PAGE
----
Indian mobile banking usage has continued to grow, demonstrating the extent to which India’s demonetisation efforts are shifting consumer banking habits
In November 2016, the Indian Government issued out an unprecedented policy move. The two highest denomination banknotes, the INR500 and INR1,000 bills, were demonetised, rendering just about 86% of the country’s currency invalid in under 24 hours.
The reason for this was to get rid of illegal financial activity and fraud. Since then the Indian mobile banking sector has erupted. The Indian government is developing programmes to better serve the unbanked and is insisting that banks do the same.
Alternative payments in the Indian mobile banking space
The Indian government had started paving the way for more mobile banking inclusion back in 2013. The Reserve Bank of India (RBI) set up a special committee to explore the possibilities of introducing an SMS-based payment system. This would enable millions of Indian people that were currently unbanked to conduct banking transfers via their mobile phones.
Now there are numerous alternative solutions and providers pushing to expand Indian mobile banking capabilities.
Axis Bank launched a mobile payments service that enabled users to send money to each other through WhatsApp, Facebook, Twitter, email, and phone contact lists. Pushing past the traditional mobile banking transfer, Axis Bank tapped into the social media space. Extremely popular among millennials, many banks and financial organisations are exploring and testing the benefits of payments through the sites that people visit most.
Developed with Singapore-based social payments vendor Fastacash, the Ping Pay app enables P2P fund transfers and mobile top-up through NPCI’s Immediate Payment Service. Axis Bank customers can download the app and sign up for the service using their registered mobile number. Then they are able to link their online banking payment cards.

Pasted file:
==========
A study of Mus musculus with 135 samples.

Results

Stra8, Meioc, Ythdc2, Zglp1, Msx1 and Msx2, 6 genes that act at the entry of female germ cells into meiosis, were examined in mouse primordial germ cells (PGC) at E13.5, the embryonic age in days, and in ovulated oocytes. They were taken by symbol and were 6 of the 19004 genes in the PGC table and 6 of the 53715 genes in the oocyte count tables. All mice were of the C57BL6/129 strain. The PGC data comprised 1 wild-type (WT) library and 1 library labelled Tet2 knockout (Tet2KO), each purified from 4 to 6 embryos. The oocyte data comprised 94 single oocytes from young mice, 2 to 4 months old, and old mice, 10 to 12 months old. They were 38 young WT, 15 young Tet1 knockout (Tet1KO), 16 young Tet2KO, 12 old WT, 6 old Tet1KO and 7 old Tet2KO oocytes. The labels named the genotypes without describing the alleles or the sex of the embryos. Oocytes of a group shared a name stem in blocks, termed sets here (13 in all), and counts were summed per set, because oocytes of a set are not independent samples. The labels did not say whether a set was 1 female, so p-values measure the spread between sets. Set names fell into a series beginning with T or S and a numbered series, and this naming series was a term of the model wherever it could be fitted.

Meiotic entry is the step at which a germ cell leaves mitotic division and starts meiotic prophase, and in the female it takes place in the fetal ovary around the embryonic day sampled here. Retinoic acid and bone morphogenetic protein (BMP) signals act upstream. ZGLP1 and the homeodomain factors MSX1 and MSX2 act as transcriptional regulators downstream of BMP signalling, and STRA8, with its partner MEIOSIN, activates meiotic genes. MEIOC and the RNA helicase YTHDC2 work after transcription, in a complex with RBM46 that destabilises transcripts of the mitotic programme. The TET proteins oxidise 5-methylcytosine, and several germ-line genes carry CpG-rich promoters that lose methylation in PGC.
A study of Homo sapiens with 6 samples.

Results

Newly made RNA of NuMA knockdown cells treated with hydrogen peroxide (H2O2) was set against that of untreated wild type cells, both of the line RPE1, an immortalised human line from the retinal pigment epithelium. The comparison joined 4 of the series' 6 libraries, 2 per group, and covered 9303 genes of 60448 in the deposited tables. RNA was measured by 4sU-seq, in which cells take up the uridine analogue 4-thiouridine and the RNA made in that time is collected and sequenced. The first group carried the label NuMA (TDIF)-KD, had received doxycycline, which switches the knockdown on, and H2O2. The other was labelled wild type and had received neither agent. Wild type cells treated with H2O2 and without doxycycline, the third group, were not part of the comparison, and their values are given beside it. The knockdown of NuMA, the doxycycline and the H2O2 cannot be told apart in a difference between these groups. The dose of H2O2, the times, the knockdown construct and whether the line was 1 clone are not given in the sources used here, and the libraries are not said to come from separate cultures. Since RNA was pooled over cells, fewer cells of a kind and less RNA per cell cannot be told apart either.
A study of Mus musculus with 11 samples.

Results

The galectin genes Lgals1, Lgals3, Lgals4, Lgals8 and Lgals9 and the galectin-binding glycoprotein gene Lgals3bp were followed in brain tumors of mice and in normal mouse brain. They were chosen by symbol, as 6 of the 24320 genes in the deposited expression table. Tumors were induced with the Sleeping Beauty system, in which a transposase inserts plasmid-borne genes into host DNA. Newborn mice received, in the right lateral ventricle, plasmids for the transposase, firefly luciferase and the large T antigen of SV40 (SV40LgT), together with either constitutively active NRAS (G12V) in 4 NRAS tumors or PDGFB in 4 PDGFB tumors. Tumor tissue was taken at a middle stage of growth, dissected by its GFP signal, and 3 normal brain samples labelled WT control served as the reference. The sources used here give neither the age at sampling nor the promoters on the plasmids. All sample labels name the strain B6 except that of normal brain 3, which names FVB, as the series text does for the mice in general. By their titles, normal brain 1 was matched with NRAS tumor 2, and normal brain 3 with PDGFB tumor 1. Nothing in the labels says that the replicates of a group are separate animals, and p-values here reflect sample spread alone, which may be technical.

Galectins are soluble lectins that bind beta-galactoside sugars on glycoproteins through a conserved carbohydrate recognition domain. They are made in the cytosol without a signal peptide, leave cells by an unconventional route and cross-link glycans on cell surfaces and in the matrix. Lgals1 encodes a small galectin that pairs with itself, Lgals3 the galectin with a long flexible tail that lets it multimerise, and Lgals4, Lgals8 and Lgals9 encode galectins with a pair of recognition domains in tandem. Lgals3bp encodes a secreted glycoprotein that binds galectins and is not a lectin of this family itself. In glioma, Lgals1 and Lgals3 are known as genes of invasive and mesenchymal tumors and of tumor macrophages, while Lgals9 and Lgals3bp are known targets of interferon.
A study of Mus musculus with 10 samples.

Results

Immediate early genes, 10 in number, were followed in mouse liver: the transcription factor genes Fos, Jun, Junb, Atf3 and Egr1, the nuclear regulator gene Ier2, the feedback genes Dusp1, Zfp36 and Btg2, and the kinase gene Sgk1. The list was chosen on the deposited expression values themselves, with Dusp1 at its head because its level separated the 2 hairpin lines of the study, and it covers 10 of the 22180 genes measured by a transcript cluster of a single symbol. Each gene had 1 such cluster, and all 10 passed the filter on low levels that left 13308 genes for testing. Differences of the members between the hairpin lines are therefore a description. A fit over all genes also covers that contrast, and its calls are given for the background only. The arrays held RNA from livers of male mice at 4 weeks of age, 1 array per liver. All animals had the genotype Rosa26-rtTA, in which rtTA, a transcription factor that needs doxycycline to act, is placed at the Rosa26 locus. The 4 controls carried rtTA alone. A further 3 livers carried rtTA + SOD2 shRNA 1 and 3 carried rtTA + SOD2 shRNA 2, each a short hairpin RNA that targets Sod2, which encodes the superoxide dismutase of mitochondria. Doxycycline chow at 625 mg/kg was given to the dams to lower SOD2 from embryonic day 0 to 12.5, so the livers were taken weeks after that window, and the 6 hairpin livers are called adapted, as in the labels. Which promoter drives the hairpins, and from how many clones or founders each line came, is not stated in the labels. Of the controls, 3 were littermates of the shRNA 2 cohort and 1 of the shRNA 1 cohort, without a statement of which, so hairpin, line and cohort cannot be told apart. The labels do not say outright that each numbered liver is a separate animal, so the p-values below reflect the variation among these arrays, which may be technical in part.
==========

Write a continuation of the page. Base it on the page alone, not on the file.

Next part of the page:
Paytm was founded by Vijay Shekhar Sharma and is the leading online payment portal in India. It’s popular for its ease of use and a wide range of promotional offers. Merchants can sign up to use Paytm without even having a bank account. The Paytm wallet can receive money and users can spend from their wallets at retailers that accept Paytm.
Along with mobile data deals and cashback on electricity, Paytm also offers a range of different recreational promotions. These include cashback on flight bookings, free movie tickets and offers at various restaurants and shops.
In 2017, the payments company registered 200 million users. Sharma now looks to 2020 with the goal of reaching 500 million users.
Samsung Pay launched in India in March 2017, enabling consumers to pay using contactless technology on Android phones.
Supporting banks and card issuers include Axis Bank, Citibank, HDFC Bank, ICICI Bank, SBI, Standard Chartered Bank, and American Express. There are also a number of supporting merchants, including Lifestyle, Max, Café Coffee Day, Pizza Hut, Big C, Croma, Reliance Digital, Apollo Pharmacy, SPAR Hypermarket, and INOX.
Furthermore, Samsung Pay’s integration with Paytm has enabled Samsung Pay users to connect their mobile wallet to the Paytm service.
The Indian mobile banking ecosystem rapidly increased after demonetisation. A whole new and very large population started to adopt digital payments. The sector shows no signs of slowing down.